Driving around the downtown square of any small town, I seek out original architecture. Old historic buildings are my favorite. These buildings, designed and constructed by town visionaries at the turn of the last century, mark the original soul of a town. One such building in Osceola (Mississippi County) is the Patterson Building.
Old buildings make me nostalgic.
I grew up on a farm only a few miles from Osceola, and going to town on Saturday was big. There were certain things a kid could count on in town, like waiting for the Saturday morning train to pass and counting the boxcars in the process. I didn’t realize it at the time, but Osceola was located on the main line of the St. Louis and San Francisco Railroad (now part of Burlington Northern-Santa Fe). That train we watched was important to early Osceola commerce.
Another Osceola constant involved the old men who sat side-by-side on the plank bench outside Patterson’s Dry Goods Store. They spent all day there, chewing tobacco and generally doing nothing so far as I could tell. They were fixtures, as old as the building itself. I found comfort in the knowledge that they would always be watching over the shady courthouse grounds and nodding to busy ladies running Saturday morning errands.
In 1901, Fred Patterson originally paid $250 for the 1902 Building to house his dry goods store. After two successful years in business, he paid an additional $250 for the 1904 Building next door. The new space offered a few feet of additional square footage, which his expanding business needed. People traveled from all over Mississippi County and the bootheel of Missouri to buy cotton sacks, men’s work clothes, and ladies’ hats and shoes. Every purchase was carefully wrapped in paper and tied with twine.
Patterson had a unique way of letting town folk know when he opened for business each morning. Rather than place an “open” sign in the window, he lined shoes on the front stoop—one of every type style shoe sold. He never worried about thieves because who needed only one left shoe?
For over 80 years, the 1904 building served as the Patterson’s Dry Goods Store. When Patterson died in 1964, his son, Henry, continued to operate the store without interruption until 1987.
Today, the old men are gone and those benches out front have long been vacant, but like the nearby Mississippi River, the building endures. In 1993, Patterson’s daughter, Lonetta, donated the building to the city with the caveat that it must always be used as a historical center and museum.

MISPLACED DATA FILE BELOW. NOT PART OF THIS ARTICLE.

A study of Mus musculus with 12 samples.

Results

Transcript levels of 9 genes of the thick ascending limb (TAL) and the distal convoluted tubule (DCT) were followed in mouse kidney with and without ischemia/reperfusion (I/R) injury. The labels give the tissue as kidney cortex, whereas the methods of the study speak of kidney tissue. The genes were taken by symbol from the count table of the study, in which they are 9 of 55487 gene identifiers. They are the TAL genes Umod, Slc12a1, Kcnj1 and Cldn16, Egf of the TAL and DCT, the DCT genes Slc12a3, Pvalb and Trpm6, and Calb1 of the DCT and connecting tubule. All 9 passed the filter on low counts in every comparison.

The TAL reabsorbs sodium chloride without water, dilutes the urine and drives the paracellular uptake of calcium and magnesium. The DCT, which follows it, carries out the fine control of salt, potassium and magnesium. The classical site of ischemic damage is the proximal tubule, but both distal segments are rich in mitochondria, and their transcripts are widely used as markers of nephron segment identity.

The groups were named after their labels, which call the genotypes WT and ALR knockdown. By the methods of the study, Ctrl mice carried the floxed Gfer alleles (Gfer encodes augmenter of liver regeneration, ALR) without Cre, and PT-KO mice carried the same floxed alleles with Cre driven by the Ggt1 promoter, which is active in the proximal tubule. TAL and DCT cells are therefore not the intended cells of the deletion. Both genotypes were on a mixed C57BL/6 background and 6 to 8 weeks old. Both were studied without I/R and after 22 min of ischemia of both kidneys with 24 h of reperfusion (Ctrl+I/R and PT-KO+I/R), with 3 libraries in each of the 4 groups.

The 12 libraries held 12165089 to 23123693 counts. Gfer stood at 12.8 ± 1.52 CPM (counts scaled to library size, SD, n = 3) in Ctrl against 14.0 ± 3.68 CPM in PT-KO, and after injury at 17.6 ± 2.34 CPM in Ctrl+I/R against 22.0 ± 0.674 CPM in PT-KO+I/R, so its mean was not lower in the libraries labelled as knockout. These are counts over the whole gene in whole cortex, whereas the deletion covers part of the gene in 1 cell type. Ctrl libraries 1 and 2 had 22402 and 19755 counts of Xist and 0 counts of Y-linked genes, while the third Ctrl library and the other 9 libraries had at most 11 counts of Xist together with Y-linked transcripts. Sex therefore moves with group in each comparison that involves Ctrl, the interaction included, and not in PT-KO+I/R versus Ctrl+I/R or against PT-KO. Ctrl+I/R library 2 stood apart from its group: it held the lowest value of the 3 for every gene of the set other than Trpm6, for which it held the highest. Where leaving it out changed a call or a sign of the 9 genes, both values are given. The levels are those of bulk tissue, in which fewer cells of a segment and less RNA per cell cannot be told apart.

And so it has been.
The Mississippi County Historical Society and Genealogical Museum is truly a museum within a museum, a time capsule with original fixtures, stools, flooring and shelving. Nearly every inch is stuffed with the history of Mississippi County, including artifacts, rare photos and collectibles donated by citizens. Many of the original items sold by Patterson are on display as well, such as lace up boots and ladies’ hats. After Patterson’s death, original store inventory was discovered well preserved inside his barn. As items went out of fashion, Patterson simply moved items to his barn for storage. The original Patterson wrapping paper and twine is on display as well.
Museum President Glyda Thompson, a natural storyteller, is always enthusiastic to share her knowledge of the area’s rich farm history, as well as the role Mississippi County played during the World Wars. When you visit the museum, she’ll see to it that you receive a personalized tour and as much attention as your schedule allows. Business artifacts and area school memorabilia are on display. Medical equipment from the town’s first doctors and dentists line shelves.
Rare photographs of the Mississippi River, area German POW camps, and construction of the historic Osceola courthouse are available for viewing.
The Patterson Building, located at 209 W. Hale in Osceola, is a must see stop on the Great River Road. Visit not only for the museum contents, but also the building architecture and history. Admission is free, yet donations are much appreciated. The museum is open five days a week whenever you see the old shoe out front, the charming Patterson tradition that continues to this day.